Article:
Whoever said it’s the simple things that matter most in life had it right. There’s not much to my Aunt Peg’s butterscotch coffee cake except for butter, eggs, sugar, pecans, and vanilla and butterscotch instant puddings, but every time Aunt Peg made this for me when I was a little girl, it was enough to fill me with a warm and comforting feeling. It was a simple stir-together recipe baked in a 13×9-inch pan, but the rich butterscotch flavor and crunchy streusel topping made it unbelievably satisfying.
Neither my parents nor my grandparents baked for my brother and me when we were growing up in Indiana. Only Aunt Peg did, but she lived hours away in Michigan. During school holidays, my mother, grandparents, brother, and I piled into the car to drive to Aunt Peg’s for extended visits. As we drove along, I paid little attention to the scenic views. I had only one thing on my mind: Aunt Peg’s butterscotch coffee cake. As soon as we’d arrive, Aunt Peg would shuffle us into her kitchen where the cake would be cooling on her table. It always made me feel special that Aunt Peg baked for us when no one else did—it was her way of showing love.
When I got engaged in 1975, Aunt Peg gave me her butterscotch coffee cake recipe for my bridal shower. Of all the recipes I received that day, that’s the one I’ve made the most over the years. I’ve brought it to family dinners and birthday parties, but these days, I bake it every week and leave it on my front porch. There are a lot of sick and elderly people in my community who’re unable to care for themselves, but they know they can come to my porch and grab whatever they need. The coffee cake is always one of the first things to go. I hope it helps those in need feel just as special and comforted as Aunt Peg made me feel all those years ago.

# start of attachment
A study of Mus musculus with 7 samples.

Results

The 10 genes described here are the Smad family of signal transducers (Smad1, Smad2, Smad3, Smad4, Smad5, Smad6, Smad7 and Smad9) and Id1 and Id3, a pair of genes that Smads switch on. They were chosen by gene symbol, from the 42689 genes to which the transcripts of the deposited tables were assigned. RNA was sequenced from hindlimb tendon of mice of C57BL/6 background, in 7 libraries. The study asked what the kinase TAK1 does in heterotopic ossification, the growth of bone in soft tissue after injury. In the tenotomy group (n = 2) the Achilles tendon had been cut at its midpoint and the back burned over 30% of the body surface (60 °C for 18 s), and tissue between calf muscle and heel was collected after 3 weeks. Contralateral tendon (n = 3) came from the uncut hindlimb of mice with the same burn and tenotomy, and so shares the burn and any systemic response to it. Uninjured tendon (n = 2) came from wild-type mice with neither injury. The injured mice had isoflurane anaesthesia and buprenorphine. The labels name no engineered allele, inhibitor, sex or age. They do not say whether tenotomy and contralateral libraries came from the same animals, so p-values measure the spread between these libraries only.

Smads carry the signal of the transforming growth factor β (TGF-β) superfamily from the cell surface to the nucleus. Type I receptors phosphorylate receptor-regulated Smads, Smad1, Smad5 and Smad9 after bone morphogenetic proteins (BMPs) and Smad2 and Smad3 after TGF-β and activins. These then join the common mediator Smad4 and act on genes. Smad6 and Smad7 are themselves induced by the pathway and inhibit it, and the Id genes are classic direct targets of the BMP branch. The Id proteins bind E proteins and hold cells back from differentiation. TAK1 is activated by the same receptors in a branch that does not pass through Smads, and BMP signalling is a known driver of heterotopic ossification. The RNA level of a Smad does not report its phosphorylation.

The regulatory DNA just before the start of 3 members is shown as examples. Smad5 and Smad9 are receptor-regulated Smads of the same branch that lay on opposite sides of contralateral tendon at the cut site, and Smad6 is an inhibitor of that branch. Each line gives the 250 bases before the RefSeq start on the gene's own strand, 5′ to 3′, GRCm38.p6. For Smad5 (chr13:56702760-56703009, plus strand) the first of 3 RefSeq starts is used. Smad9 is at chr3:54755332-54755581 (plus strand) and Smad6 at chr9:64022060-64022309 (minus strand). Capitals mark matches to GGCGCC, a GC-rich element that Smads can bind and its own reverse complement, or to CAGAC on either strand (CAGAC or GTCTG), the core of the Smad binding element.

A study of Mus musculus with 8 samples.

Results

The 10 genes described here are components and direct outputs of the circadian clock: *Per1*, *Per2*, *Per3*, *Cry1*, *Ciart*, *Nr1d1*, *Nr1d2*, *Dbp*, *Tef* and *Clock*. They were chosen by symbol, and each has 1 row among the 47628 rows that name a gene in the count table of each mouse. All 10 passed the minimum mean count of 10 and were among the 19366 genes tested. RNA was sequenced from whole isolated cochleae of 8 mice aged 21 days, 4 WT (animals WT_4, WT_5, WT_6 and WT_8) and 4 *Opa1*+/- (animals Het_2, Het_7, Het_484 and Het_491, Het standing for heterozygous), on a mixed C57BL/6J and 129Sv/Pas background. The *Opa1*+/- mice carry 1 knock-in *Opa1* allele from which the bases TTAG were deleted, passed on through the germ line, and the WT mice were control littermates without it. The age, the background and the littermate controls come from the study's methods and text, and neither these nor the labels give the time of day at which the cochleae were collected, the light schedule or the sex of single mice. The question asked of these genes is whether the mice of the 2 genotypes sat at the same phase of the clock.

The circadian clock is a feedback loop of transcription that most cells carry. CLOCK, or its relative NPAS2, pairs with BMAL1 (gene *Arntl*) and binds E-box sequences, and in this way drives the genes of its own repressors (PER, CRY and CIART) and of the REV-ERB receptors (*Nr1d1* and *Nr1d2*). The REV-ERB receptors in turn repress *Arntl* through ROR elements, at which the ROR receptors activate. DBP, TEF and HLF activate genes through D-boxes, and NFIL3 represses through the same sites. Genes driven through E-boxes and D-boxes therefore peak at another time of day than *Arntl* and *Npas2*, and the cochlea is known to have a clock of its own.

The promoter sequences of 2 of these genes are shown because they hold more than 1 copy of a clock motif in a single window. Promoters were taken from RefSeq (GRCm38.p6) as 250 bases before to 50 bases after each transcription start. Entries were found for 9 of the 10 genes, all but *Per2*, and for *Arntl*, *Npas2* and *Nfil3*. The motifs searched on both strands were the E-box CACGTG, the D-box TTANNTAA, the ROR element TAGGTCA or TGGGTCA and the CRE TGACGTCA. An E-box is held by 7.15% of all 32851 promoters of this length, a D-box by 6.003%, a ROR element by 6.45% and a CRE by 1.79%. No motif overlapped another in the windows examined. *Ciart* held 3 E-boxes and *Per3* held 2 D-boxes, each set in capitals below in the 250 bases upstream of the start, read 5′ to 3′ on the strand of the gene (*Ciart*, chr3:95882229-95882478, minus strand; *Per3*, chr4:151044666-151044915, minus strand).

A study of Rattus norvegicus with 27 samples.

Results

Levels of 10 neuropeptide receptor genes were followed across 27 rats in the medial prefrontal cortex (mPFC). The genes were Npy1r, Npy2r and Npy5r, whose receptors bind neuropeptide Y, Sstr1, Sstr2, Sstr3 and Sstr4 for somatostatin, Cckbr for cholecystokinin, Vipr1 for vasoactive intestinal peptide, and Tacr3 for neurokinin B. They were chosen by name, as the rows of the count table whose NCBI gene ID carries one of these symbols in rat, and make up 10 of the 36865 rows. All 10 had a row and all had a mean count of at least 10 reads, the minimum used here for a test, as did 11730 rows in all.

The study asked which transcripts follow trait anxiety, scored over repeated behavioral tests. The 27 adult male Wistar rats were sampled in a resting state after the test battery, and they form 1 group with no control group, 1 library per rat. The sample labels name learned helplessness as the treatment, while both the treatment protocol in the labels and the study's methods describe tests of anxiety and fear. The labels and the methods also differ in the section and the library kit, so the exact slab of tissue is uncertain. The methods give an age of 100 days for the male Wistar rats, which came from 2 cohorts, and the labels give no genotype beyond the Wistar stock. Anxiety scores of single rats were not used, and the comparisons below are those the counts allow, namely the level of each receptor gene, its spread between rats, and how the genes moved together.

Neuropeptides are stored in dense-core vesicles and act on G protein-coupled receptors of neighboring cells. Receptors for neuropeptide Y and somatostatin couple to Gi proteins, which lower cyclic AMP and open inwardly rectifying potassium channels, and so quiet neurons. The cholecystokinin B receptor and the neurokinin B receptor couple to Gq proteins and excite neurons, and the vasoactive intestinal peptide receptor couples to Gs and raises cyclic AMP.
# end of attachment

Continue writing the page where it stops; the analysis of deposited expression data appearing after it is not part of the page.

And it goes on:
—Myrna Stanczak, Cumming, Georgia
- ½ cup (113 grams) unsalted butter, melted
- 2 cups (440 grams) firmly packed light brown sugar, divided
- Butterscotch Sauce (recipe follows), divided
- 2 large eggs (100 grams)
- 1 teaspoon (4 grams) vanilla extract
- 2½ cups (313 grams) all-purpose flour
- 2¼ teaspoons (11.25 grams) baking powder
- ½ teaspoon (1.5 grams) kosher salt
- ¾ cup (180 grams) whole buttermilk
- 1 cup (113 grams) chopped pecans*
- 2 teaspoons (4 grams) ground cinnamon
- Preheat oven to 350°F (180°C). Spray a 10-inch tube pan with baking spray with flour.
- In a medium bowl, place melted butter. Whisk in 1 cup (220 grams) brown sugar, ⅔ cup (180 grams) Butterscotch Sauce, eggs, and vanilla.
- In another medium bowl, whisk together flour, baking powder, and salt. Add flour mixture to butter mixture, whisking to combine. Whisk in buttermilk just until combined.
- In a small bowl, stir together pecans, cinnamon, and remaining 1 cup (220 grams) brown sugar.
- Pour two-thirds of batter (about 745 grams) into prepared pan, smoothing with an offset spatula. Sprinkle with half of pecan mixture. Top with remaining batter (about 373 grams), smoothing with an offset spatula. Sprinkle with remaining pecan mixture.
- Bake until a wooden pick inserted in center comes out clean, 40 to 45 minutes, covering with foil after 30 minutes of baking to prevent excess browning, if necessary. Let cool in pan for 15 minutes. Remove from pan, and drizzle with remaining Butterscotch Sauce. Serve warm or at room temperature.
*We used Sunnyland Farms Raw Georgia Pecans Halves
- ½ cup (113 grams) unsalted butter
- 1 teaspoon (6 grams) vanilla bean paste
- 1 cup (220 grams) firmly packed light brown sugar
- ¼ teaspoon kosher salt
- 1 cup (240 grams) heavy whipping cream
- In a small saucepan, melt butter over medium heat. Whisk in vanilla bean paste, brown sugar, and salt until dissolved. Add cream, and bring to a boil. Cook for 3 minutes. Transfer to a small bowl, and let cool to room temperature.